Home safety and Alzheimer’s

People with Alzheimer’s can live in their homes, as long as safety measures are in place. As Alzheimer’s progresses, a person’s abilities change. But with some creativity and problem solving, you can adapt the home environment to support these changes.

Alzheimer’s disease causes a number of changes in the brain and body that may affect safety. Depending on the stage of the disease, these can include:
Judgment: forgetting how to use household appliances
Sense of time and place: getting lost on one’s own street; being unable to recognize or find familiar areas in the home
Behavior: becoming easily confused, suspicious or fearful
Physical ability: having trouble with balance; depending upon a walker or wheelchair to get around
Senses: experiencing changes in vision, hearing, sensitivity to temperatures or depth perception

Assess your home:
Look at your home through the eyes of a person with dementia. What objects could injure the person? Identify possible areas of danger. Is it easy to get outside or to other dangerous areas like the kitchen, garage or basement?
• Lock or disguise hazardous areas.
Cover doors and locks with a painted mural or cloth. Use “Dutch” (half) doors, swinging doors or folding doors to hide entrances to the kitchen, stairwell, workroom and storage areas.

Home Safety Checklist
Be prepared for emergencies;
• Keep a list of emergency phone numbers and address for local police and fire departments, hospitals and poison control help lines.

• Make sure safety devices are in working order.

• Have working fire extinguishers, smoke detectors and carbon monoxide detectors.

• Install locks out of sight

• Place deadbolts either high or low on exterior doors to make it difficult for the person to wander out of the house. Keep an extra set of keys hidden near the door for easy access. Remove locks in bathrooms or bedrooms so the person cannot get locked inside.

• Keep walkways well-lit.
Add extra lights to entries, doorways, stairways, areas between rooms, and bathrooms.
Use night lights in hallways, bedrooms and bathrooms to prevent accidents and reduce disorientation

• Remove and disable guns or other weapons.
The presence of a weapon in the home of a person with dementia may lead to unexpected danger. Dementia can cause a person to mistakenly believe that a familiar caregiver is an intruder

• Place medications in a locked drawer or cabinet.
To help ensure that medications are taken safely, use a pill box organizer or keep a daily list and check off each medication as it is taken.

• Remove tripping hazards.
Keep floors and other surfaces clutter-free. Remove objects such as magazine racks, coffee tables and floor lamps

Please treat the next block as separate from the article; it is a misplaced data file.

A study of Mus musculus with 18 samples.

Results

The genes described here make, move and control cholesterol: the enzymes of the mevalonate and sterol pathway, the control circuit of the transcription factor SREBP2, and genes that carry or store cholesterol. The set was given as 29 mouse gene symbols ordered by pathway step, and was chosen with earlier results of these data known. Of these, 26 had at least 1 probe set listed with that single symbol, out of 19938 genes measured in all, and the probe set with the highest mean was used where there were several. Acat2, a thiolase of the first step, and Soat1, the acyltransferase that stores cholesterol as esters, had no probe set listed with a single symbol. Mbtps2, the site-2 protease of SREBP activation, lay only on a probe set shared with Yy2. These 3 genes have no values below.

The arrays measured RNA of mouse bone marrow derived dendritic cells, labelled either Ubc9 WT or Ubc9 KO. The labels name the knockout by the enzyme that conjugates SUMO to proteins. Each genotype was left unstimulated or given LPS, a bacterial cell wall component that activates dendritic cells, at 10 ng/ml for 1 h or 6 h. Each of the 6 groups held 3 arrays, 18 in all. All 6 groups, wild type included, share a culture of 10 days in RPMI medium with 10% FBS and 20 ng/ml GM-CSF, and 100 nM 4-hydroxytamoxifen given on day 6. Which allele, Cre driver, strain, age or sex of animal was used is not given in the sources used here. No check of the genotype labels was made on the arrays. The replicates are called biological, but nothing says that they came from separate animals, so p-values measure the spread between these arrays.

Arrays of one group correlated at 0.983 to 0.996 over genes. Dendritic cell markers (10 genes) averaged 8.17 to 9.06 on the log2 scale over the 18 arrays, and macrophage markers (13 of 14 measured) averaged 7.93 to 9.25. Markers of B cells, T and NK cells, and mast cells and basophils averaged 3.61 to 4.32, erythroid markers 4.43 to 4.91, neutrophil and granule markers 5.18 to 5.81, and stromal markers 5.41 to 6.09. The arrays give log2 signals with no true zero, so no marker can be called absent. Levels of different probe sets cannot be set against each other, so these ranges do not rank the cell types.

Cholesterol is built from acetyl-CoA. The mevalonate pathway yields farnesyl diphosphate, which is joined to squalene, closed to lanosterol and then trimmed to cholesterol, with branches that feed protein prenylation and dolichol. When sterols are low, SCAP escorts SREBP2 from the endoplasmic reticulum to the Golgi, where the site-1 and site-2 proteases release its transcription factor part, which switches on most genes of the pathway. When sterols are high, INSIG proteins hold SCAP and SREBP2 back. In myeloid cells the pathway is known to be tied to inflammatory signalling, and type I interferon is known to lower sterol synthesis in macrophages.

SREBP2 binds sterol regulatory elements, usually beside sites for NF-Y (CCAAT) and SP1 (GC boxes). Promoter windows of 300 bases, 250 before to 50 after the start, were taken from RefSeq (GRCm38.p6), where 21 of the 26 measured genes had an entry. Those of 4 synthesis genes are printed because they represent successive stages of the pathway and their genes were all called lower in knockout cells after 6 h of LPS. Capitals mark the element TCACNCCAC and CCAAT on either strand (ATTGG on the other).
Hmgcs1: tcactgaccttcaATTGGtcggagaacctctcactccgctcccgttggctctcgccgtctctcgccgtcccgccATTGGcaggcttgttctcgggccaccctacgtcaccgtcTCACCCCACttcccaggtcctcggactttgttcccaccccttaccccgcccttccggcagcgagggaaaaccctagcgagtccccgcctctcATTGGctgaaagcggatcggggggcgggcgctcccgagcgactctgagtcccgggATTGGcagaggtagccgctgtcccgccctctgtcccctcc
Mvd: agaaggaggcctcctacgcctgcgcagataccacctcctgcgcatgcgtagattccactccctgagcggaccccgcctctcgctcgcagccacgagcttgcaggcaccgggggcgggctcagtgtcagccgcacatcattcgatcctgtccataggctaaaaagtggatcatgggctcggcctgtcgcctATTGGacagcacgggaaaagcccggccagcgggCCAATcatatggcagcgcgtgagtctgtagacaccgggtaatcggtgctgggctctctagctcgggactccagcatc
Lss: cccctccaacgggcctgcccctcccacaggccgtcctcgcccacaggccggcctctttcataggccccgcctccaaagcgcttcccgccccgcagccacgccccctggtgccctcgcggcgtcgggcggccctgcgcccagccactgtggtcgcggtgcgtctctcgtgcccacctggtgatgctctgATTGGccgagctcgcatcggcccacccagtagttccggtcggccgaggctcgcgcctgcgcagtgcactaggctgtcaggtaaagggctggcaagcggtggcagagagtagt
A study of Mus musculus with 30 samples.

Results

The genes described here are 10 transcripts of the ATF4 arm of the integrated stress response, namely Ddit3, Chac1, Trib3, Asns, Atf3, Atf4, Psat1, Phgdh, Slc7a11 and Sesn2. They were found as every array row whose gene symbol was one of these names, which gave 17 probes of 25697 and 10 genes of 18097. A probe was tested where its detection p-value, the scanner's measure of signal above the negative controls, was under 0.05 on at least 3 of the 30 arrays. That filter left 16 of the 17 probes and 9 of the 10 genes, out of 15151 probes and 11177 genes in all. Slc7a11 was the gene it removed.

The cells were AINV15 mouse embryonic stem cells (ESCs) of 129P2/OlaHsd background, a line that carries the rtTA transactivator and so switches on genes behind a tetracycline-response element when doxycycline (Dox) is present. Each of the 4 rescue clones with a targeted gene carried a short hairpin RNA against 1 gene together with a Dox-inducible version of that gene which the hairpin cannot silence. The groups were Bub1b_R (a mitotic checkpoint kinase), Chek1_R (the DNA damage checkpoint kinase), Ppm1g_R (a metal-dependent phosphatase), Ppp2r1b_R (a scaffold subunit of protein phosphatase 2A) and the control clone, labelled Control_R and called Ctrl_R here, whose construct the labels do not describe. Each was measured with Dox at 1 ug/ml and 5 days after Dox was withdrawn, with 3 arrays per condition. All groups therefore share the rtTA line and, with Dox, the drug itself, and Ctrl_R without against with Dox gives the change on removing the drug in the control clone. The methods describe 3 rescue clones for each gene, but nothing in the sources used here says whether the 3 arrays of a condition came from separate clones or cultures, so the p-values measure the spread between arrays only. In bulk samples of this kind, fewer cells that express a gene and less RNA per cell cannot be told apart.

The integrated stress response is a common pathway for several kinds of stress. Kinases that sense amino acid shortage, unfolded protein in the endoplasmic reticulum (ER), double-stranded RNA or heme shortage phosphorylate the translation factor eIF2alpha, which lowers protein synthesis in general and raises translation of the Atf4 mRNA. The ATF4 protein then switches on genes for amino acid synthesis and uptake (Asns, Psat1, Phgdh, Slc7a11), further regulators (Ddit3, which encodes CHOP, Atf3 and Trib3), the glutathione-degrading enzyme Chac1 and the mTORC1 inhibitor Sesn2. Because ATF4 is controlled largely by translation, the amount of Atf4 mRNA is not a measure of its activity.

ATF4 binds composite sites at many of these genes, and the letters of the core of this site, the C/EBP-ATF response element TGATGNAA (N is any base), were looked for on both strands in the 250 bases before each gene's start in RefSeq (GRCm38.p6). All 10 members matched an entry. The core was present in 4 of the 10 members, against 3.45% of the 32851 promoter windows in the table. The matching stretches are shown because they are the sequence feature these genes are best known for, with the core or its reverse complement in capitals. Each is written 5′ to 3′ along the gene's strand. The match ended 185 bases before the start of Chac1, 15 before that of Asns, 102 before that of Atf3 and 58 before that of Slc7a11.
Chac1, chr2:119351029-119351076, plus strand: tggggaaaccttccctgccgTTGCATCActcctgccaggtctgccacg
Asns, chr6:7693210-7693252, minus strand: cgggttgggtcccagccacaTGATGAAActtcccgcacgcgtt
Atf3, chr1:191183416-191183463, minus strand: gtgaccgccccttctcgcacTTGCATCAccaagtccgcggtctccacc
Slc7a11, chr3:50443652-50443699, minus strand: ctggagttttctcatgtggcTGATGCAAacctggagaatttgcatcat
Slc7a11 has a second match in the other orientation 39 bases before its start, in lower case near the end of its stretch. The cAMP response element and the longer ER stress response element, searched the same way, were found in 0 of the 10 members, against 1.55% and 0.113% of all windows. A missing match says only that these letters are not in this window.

• Watch the temperature of water and food.
It may be difficult for the person with dementia to tell the difference between hot and cold. Set water temperature at 120 degrees or less to prevent scalding

• Support the person’s needs.
Try not to create a home that feels too restrictive. The home should encourage independence and social interaction. Clear areas for activities.

Driving: Decisions for a Person with Alzheimer’s disease

Making the decision that a person with Alzheimer’s is no longer safe to drive is difficult, and it needs to be communicated carefully and sensitively. Even though the person may be upset by the loss of independence, safety must be the priority.

  • Look for clues that safe driving is no longer possible, including getting lost in familiar places, driving too fast or too slow, disregarding traffic signs, or getting angry or confused.
  • Be sensitive to the person’s feelings about losing the ability to drive, but be firm in your request that he or she no longer do so. Be consistent—don’t allow the person to drive on “good days” but forbid it on “bad days.”
  • Ask the doctor to help. The person may view the doctor as an authority and be willing to stop driving. The doctor also can contact the Department of Motor Vehicles and request that the person be re-evaluated.
  • If necessary, take the car keys. If just having keys is important to the person, substitute a different set of keys.
  • If all else fails, disable the car or move it to a location where the person cannot see it or gain access to it.
  • Ask family or friends to drive the person or find out about services that help people with disabilities get around their community

Sleep Problems for Caregivers and a Person with Alzheimer’s disease

For the exhausted caregiver, sleep can’t come too soon. For many people with Alzheimer’s disease, however, the approach of nighttime may be a difficult time. Many people with Alzheimer’s become restless, agitated, and irritable around dinnertime, often referred to as “sundowning” syndrome. Getting the person to go to bed and stay there may require some advance planning.

  • Encourage exercise during the day and limit daytime napping, but make sure that the person gets adequate rest during the day because fatigue can increase the likelihood of late afternoon restlessness.
  • Try to schedule physically demanding activities earlier in the day. For example, bathing could be done in the morning, or the largest family meal could be served at midday.
  • Set a quiet, peaceful tone in the evening to encourage sleep. Keep the lights dim, eliminate loud noises, and even play soothing music if the person seems to enjoy it.
  • Try to keep bedtime at a similar time each evening. Developing a bedtime routine may help.
  • Limit caffeine.
  • Use night-lights in the bedroom, hall, and bathroom if the darkness is frightening or disorienting.